Produced by Morgan Spurlock (“Super Size Me,” “Rats”), the film examines the lucrative business of in vitro fertilization (an industry the film claims will gross $30 billion in the next five years) by looking at a clever and successful marketing and branding tool employed by IVF pioneer Geoffrey Sher’s Las Vegas clinic.

Every year the company holds a lottery in which childless couples send in videos that make the pitch for a free treatment (valued at roughly $20,000). A panel of judges evaluates the pleas from the short list of candidates voted on by social media. It then chooses a handful of compelling finalists before picking one winner.


It sounds like a natal version of “America’s Got Talent” or “Spellbound,” with human lives at stake.

Like the latter documentary, “Vegas Baby” follows the stories of a diverse group of contestants. They include Ann and Brian Johnson, of Green Bay, Wis., an interracial couple (Micheli, perhaps wisely, does not comment on this) who have lost prematurely born twins. They have also been unsuccessful in adopting, and see this as their last chance to have a family.

Rosalinda and Dago Patlan, a Hispanic couple from San Antonio, have tried repeatedly without success to have a baby, despite the toll it has taken on their finances and relationship. Rosalinda, who at a young age lost her father and two brothers, insists that she be the biological mother. She refuses to adopt, an attitude that weighs on Dago, who was himself adopted as a child.

Athena Reich, from New York City, is a performer who works as a Lady Gaga impersonator. She finds it more difficult to admit to herself that she is infertile than it was for her to come out to others that she is gay.


There is only one winner, but the two runners-up also persevere in their wish to have the treatment, which Sher offers at a discount. Nonetheless the cost — not just financial, but emotional and in terms of relationships — is considerable.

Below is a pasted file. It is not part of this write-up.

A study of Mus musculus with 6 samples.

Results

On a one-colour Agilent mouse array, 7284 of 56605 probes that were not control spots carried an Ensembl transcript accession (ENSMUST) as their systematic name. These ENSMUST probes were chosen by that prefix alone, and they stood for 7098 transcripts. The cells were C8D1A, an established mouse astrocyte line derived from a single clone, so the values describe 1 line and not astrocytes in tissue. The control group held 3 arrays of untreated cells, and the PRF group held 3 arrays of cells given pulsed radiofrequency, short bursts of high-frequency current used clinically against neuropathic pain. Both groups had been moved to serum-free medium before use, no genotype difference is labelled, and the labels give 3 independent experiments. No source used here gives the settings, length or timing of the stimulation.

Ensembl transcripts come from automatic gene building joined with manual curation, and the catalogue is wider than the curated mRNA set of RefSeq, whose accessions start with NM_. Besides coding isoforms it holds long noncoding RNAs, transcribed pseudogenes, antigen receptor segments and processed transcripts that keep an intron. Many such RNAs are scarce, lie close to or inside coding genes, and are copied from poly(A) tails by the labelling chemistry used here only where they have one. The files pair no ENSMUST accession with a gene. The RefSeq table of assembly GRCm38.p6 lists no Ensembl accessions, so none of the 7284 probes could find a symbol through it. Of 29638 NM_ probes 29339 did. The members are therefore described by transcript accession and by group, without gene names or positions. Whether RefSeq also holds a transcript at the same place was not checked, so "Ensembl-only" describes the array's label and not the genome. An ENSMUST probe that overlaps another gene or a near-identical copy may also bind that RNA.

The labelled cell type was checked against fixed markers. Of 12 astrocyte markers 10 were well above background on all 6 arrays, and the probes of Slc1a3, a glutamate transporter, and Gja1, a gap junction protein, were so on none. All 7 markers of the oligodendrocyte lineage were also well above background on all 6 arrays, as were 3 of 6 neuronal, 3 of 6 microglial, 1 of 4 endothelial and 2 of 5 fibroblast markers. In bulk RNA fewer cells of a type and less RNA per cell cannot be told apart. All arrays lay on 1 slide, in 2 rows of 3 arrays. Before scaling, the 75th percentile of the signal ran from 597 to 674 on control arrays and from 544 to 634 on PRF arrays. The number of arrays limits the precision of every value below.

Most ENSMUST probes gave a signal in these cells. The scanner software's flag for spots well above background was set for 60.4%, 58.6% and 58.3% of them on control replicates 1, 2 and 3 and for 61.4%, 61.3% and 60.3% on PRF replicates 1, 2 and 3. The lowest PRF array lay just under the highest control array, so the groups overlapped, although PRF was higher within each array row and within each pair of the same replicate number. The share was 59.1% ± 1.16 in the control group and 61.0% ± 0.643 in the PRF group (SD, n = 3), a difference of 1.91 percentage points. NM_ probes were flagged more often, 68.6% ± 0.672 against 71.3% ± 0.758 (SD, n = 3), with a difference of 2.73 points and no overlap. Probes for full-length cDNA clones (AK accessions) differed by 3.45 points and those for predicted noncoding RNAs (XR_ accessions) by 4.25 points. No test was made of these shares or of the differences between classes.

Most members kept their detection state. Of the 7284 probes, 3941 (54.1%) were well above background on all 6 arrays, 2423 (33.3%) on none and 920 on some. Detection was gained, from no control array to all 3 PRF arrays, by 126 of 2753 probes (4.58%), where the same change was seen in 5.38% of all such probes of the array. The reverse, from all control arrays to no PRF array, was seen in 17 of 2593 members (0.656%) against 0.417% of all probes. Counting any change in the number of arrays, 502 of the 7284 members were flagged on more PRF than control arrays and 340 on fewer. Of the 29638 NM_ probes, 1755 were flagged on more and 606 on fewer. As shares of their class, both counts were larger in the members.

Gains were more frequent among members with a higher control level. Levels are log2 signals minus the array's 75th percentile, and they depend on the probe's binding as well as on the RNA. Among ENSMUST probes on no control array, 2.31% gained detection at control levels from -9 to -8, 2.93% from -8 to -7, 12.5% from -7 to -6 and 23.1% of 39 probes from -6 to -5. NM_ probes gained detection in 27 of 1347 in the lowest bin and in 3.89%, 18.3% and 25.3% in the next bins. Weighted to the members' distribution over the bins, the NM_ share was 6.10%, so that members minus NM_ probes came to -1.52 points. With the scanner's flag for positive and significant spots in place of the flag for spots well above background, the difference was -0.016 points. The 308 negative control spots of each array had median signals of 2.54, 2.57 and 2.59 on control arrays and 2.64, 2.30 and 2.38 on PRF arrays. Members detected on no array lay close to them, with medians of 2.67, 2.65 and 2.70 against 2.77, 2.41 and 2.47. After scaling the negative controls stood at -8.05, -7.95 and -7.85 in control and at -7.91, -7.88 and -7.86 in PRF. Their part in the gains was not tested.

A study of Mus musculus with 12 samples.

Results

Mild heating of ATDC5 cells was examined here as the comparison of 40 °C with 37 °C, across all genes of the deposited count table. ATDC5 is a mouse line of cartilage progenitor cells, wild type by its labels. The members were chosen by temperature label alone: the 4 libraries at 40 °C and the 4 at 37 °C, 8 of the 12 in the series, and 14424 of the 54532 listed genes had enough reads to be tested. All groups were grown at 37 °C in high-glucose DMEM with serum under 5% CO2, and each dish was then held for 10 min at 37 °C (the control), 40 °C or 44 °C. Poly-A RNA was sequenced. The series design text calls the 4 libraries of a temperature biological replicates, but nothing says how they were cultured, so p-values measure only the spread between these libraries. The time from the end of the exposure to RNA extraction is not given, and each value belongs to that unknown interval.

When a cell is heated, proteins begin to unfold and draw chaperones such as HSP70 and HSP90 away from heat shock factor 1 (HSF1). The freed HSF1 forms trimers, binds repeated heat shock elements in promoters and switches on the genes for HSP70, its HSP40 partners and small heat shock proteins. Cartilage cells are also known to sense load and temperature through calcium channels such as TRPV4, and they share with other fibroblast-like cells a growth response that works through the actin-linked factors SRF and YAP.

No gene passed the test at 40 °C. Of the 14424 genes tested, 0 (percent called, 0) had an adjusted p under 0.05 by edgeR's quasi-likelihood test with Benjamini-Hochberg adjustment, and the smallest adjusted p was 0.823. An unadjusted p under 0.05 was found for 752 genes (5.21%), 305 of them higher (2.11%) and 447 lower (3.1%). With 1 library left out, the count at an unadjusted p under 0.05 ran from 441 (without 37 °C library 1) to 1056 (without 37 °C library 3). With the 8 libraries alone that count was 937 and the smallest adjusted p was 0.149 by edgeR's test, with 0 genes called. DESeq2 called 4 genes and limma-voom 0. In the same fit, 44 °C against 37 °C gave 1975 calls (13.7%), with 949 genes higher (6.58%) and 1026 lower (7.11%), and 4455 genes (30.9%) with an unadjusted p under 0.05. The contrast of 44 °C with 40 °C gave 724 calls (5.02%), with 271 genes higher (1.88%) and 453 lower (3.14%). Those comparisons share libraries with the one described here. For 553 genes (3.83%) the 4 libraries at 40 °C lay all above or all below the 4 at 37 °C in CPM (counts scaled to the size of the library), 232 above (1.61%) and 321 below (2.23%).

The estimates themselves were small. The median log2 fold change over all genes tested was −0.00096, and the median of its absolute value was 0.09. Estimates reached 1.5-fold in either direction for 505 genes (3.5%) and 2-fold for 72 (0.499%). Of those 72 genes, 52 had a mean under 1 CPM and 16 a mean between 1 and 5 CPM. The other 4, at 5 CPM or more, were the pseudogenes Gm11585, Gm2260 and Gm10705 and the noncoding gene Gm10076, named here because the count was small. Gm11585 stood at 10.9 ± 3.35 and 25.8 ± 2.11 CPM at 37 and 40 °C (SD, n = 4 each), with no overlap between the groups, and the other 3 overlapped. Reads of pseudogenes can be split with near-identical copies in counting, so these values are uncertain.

Sher himself has no qualms about profiting from his patients’ predicaments. Admitting he is an “entrepreneur,” he adds, “People think of medicine as a calling. It is a calling, but it is also a business.” Nonetheless, his patients adore him. His bedside manner is impeccably good-humored and compassionate.

The medical ethics of the IVF business is just one topic touched on in the film’s 77 minutes. But it does not linger long on any single issue, situation, or dramatic moment (the scenes in the office in which the PR head and other decision makers plan strategy makes you wonder how Frederick Wiseman would have handled the material). Sometimes a narrative transition is rendered through a single, startlingly effective cut. This strategy has the advantage of a brisk pace and a compassionate detachment, but perhaps a longer format would offer more depth and detail.

“It is hard for anyone to understand any experience they haven’t had,” says Reich’s mother. “But they have all kinds of opinions and aren’t afraid to give them.”

This film offers a glimpse into one such experience.

“Vegas Baby” can be seen on PBS World Channel’s “America Reframed” on Tuesday at 8 p.m. For more information go to www.pbs.org/video/3001404799.


Peter Keough can be reached at petervkeough@gmail.com.